The Banana Game: 'hard discounters' jeopardizing producers’ livelihoods
by Alistair Smith, BananaLink
The role of the so-called 'hard discounters' in the current pricing issue in Europe's two biggest banana markets is questionable: the business model they have adopted is uncompromising, and the impacts of the strategy on people and environment are very serious indeed.
Unions representing plantation and pack-house workers, who have studied the buying practices of a company as notorious as Aldi in the banana world, believe that the hard discounters are using the fruit as a hook to get new customers through their doors at the expense of those who labour hard to produce it in the tropics.
In the United Kingdom (UK) the hard discount leaders, like Asda/Walmart, and retailers who only offer Fairtrade-labelled bananas, like J. Sainsbury, have been selling loose bananas at or below cost for several years, making up some or all of the 'sacrificed' margins on bagged fruit. Unlike in France or Germany, below-cost selling in the British market is not illegal. This allows the major retailers in the UK who, with the exception of The Co-operative Group, all sell loose bananas at or below cost to argue quite legitimately that they are not breaking any law and that it is their own sovereign decision to fund this near-permanent rock-bottom price.
Bananas are not the only Known Value Item (KVI) that suffer from inter-retailer price wars in the UK. Milk, oranges, bread and pork pies are victims too, with producers and those they employ at home and abroad the ones who have to pay the not-so-hidden costs. However, what is newer- and very worrying for the competitors of Aldi and Lidl – is that it seems bananas may be helping bring people through the doors of the hard discounters and change consumers' shopping habits.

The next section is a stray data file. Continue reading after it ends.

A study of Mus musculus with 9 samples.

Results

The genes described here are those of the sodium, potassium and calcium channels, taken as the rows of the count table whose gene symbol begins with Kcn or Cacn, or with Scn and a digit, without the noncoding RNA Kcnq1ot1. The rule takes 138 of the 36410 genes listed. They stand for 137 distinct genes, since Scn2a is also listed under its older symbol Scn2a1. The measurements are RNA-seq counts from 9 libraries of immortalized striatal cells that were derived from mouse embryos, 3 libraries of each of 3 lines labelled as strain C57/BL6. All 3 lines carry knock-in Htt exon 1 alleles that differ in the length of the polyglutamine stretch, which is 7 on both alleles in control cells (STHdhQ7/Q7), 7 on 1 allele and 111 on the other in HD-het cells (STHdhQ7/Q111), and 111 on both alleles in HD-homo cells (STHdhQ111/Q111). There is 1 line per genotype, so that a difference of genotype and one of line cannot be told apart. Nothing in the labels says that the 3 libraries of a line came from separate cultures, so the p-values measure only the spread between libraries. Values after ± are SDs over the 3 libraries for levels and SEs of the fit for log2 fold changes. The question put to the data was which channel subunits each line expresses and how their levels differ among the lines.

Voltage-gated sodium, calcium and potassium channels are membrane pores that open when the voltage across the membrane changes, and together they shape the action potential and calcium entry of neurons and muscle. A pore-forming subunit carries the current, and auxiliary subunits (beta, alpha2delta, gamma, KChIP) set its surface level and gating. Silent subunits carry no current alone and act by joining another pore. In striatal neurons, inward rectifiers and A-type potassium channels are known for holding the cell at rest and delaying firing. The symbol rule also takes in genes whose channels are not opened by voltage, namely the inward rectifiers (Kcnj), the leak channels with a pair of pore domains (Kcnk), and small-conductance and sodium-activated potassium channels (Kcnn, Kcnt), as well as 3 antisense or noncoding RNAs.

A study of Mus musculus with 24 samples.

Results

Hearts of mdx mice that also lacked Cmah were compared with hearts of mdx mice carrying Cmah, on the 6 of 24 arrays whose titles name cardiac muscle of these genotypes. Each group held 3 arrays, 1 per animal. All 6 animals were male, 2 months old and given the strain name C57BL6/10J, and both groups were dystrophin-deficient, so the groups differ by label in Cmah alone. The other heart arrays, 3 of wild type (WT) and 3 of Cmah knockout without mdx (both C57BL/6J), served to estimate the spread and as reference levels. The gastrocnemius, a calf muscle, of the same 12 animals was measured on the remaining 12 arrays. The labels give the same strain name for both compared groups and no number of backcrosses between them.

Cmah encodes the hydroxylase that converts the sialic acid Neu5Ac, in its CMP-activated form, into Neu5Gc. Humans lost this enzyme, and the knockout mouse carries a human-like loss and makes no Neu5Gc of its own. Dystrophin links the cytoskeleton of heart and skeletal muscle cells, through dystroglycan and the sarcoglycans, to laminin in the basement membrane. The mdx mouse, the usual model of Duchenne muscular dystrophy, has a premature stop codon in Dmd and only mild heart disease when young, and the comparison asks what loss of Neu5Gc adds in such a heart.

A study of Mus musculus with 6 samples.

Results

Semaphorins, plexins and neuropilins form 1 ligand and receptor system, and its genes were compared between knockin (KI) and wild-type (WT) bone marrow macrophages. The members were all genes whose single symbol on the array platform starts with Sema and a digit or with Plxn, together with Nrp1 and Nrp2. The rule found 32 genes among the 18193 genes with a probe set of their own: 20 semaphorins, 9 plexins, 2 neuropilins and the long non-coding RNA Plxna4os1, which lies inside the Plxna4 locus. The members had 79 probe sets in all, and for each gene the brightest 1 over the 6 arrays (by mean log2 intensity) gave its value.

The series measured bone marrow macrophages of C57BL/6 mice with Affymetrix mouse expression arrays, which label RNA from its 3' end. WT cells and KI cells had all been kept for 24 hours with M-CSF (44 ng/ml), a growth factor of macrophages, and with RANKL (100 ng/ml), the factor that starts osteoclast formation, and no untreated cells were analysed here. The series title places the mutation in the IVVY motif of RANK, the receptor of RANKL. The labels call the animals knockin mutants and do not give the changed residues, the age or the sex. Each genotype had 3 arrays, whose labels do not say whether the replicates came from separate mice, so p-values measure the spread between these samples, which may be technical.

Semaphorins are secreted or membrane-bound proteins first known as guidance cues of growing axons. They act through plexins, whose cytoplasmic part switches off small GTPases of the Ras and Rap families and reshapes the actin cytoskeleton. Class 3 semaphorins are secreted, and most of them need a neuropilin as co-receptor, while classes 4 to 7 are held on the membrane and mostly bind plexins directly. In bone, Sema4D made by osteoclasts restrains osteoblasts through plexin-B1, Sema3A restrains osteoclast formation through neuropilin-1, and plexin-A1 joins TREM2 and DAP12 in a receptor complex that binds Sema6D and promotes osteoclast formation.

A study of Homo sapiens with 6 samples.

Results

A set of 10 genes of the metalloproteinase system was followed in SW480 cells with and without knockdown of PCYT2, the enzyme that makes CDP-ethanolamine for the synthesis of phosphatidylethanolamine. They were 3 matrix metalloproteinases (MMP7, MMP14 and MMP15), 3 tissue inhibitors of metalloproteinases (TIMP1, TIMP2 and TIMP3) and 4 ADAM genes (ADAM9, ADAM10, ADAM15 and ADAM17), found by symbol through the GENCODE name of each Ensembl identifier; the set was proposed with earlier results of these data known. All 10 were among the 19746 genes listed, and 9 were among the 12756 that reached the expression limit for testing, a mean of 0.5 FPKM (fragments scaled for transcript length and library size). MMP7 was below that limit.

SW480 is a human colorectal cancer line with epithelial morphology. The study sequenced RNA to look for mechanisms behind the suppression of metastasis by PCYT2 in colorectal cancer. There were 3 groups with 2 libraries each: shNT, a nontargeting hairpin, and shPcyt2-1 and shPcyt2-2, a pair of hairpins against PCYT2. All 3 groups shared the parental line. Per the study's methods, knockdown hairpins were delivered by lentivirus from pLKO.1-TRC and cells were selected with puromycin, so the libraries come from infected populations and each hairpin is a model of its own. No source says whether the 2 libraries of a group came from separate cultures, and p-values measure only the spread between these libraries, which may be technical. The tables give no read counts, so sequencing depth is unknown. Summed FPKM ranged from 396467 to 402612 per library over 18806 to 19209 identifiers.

Europe's biggest banana seller has decided to use a responsible sourcing strategy, which is still in its infancy. In 2014, two inter-related commitments set the stage for a transformation of the European banana market that should be welcome news for all. In February 2014, a public document called “Trading Responsibly” committed Tesco to covering the costs of sustainable production in all their banana supply chains; for the time being they are using the Fairtrade Minimum Price, set by Fairtrade International as their benchmark for a sustainable price to their suppliers. Where this price was not attained in 2014, the difference in price to suppliers has been set aside whilst a mechanism to transfer the money to workers and their families is being designed. In November, the company stated in a blog on their website that they will ensure that by 2017 living wages will be paid on all the banana plantations that grow and pack exclusively for Tesco.
The third global conference of the World Banana Forum in the Dominican Republic later this year aims to inspire collaboration between stakeholders that produces pragmatic outcomes for the betterment of the banana industry and to achieve an industry-wide consensus of best practices regarding workplace issues, gender equity, environmental impact, sustainable production and economic issues.
Banana Link is optimistic that their call to Aldi to join in discussions in the Forum's permanent working group on the distribution of value along the chain will be heard by the company.